So you’ve been asked by a nonprofit organization to join their Board of Directors. There are numerous things you need to consider before accepting the position. Being a board member is a big commitment so you need to fully understand what your role will be and what will be expected of you by the organization. Two of the many considerations are:
- How the board operates, and;
- What are the risks associated with joining the board and what does the organization do to mitigate these.
Before agreeing to join a nonprofit board, you should do your due diligence to fully understand how that board operates. At a minimum, you should comprehend the following:
- Does the full board make all the decisions or are there smaller groups within the board (committees) that make the decisions and then inform the other Board members after the fact?
- The organization’s legal documents, (e.g. bylaws, certificate of incorporation, etc.)
- The key issues facing the organization now and in the near future
- How the board conducts its business, including its operating rules and policies
These are only a few of the many aspects of the organization and its governance that you should be looking into before making the big decision to join that board. You don’t want to assume the legal obligations of a Board member if you are in the dark about what is really happening within the organization.
Being a Board member comes with certain risks. Each Board member, in accepting a position on the Board, agrees to certain duties. These include the duty of care, the duty of loyalty, and the duty of obedience. The actions of the Board members should always reflect adherence to applicable laws and regulations as well as faithfulness towards the organization. Ultimately, Board members can be held personally responsible if the organization doesn’t comply with the applicable laws and regulations.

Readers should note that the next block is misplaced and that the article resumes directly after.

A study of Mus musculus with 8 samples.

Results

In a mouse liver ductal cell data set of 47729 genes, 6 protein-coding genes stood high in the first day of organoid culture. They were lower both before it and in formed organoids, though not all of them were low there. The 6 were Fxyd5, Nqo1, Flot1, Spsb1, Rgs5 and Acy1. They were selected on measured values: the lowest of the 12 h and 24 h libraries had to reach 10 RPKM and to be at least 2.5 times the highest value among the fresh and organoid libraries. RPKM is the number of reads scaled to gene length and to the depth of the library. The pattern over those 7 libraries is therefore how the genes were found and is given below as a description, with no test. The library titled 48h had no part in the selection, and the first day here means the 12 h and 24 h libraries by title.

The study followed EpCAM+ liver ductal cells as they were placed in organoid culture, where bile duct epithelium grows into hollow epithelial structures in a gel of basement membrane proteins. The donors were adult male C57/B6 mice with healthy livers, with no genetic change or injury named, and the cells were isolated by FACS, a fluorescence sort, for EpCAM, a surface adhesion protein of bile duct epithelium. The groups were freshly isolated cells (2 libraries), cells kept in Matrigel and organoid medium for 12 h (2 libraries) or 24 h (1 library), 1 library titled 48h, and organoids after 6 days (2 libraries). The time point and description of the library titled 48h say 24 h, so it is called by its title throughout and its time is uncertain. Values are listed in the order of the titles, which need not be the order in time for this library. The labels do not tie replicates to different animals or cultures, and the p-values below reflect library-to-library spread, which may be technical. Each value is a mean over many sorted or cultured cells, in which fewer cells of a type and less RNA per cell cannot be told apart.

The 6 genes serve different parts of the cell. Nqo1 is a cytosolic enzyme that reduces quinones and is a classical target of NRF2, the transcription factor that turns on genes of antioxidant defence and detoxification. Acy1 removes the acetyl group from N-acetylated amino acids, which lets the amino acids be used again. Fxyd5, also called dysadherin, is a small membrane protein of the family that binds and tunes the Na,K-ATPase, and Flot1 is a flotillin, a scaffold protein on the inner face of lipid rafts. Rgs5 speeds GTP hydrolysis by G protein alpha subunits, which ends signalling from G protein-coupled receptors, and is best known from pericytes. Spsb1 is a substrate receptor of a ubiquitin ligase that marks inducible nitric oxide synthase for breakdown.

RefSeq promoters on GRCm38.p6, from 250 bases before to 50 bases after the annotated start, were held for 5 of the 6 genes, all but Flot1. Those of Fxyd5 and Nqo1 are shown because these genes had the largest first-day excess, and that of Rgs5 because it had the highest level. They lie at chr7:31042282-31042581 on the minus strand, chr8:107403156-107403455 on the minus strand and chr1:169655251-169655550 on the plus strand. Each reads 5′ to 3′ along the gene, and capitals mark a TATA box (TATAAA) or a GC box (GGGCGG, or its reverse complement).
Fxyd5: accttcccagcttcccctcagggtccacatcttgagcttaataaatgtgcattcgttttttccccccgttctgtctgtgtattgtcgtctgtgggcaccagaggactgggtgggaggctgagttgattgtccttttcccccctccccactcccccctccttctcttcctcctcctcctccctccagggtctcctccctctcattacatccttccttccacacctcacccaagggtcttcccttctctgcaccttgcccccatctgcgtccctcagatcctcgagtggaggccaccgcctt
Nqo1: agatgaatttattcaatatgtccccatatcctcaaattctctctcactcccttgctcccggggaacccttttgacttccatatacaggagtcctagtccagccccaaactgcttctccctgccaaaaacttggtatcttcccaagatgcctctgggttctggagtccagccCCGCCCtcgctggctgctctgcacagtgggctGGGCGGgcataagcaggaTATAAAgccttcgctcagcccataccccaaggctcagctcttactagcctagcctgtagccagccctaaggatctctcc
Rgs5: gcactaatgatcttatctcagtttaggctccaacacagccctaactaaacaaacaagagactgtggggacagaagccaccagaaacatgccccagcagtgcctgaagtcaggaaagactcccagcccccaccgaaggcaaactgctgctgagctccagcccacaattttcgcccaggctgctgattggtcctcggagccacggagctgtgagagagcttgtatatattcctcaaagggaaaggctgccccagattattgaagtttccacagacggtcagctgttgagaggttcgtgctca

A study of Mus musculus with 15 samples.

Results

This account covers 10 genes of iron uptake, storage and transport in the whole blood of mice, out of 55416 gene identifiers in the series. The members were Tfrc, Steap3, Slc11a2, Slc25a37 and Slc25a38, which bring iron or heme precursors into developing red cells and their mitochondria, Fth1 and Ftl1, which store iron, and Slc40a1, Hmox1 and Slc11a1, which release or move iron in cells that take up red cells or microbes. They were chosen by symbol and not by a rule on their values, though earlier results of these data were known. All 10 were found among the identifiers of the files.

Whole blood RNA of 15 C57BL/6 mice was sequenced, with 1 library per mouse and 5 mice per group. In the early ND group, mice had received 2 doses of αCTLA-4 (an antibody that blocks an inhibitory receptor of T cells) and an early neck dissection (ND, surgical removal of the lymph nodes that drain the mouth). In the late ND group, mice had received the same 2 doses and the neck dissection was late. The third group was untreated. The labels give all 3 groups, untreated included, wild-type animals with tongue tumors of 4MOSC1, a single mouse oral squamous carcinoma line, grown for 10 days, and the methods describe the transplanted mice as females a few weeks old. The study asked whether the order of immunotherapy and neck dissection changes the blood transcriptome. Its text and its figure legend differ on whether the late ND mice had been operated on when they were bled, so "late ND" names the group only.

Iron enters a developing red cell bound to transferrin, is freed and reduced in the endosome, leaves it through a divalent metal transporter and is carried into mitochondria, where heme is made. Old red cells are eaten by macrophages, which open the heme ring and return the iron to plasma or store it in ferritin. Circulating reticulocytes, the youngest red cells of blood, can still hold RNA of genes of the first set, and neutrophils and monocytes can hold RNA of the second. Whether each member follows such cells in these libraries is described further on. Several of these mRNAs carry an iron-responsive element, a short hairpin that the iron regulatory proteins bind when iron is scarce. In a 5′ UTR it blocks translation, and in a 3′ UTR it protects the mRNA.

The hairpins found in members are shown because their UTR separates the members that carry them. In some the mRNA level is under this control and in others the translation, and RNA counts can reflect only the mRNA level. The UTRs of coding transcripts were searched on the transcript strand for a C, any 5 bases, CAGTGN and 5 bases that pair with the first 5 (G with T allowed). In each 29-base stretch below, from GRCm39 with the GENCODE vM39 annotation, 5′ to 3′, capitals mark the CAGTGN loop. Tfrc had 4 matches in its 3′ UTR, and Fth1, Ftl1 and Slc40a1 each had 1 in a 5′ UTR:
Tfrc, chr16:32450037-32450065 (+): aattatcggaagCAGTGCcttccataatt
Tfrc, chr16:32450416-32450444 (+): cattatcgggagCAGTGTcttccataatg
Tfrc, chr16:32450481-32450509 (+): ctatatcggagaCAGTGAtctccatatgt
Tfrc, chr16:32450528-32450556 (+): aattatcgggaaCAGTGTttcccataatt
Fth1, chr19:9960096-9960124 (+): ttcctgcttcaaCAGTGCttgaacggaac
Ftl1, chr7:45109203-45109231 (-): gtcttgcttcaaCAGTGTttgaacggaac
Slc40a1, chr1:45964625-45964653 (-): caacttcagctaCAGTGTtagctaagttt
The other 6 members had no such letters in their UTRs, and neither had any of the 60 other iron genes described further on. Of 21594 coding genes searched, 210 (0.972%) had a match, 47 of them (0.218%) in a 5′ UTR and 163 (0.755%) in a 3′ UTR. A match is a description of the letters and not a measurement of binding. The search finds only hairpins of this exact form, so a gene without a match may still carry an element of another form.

Therefore, it is imperative that before you agree to join the Board of a nonprofit organization, you gain comfort that the organization provides adequate protection for its Board members. The American Bar Association’s Guidebook for Directors of Nonprofit Corporations states: “In recent years, litigation against directors of many varieties of nonprofits has increased in frequency….All directors need to understand the action that may be taken to protect them against liability related to their service on [a] nonprofit corporation’s Board.” In particular, two areas that should be closely examined are indemnification and insurance. Indemnification is a term describing what the nonprofit might repay a director for expenses arising from a lawsuit against the director. This indemnification is controlled by the laws of the state in which the corporation operates as well as by the bylaws of the organization. You should clearly understand what the rules are for the organization you are potentially becoming a Board member of, before committing to the organization. In addition, you should inquire as to whether the organization has directors and officers (D&O) insurance. The coverage under the D&O policy can depend on the laws of the state involved and the terms of the individual policy offered and may not necessarily cover every instance of noncompliance. Prospective Board members should understand what the terms of their policy are and should ideally be provided with a memorandum by the organization that outlines the D&O coverage being offered prior to accepting their spot on the Board of Directors.
Joining a nonprofit Board is both satisfying and rewarding and a great way to give back to the community. However, you need to make sure that you have done your due diligence to cover yourself from a legal perspective before making the commitment to serve.
Kenneth R. Cerini, CPA, CFP, FABFA
Ken is the Managing Partner of Cerini & Associates, LLP and is the executive responsible for the administration of our not-for-profit and educational provider practice groups. In addition to his extensive audit experience, Ken has been directly involved in providing consulting services for nonprofits and educational facilities of all sizes throughout New York State in such areas as cost reporting, financial analysis, Medicaid compliance, government audit representation, rate maximization, board training, budgeting and forecasting, and more.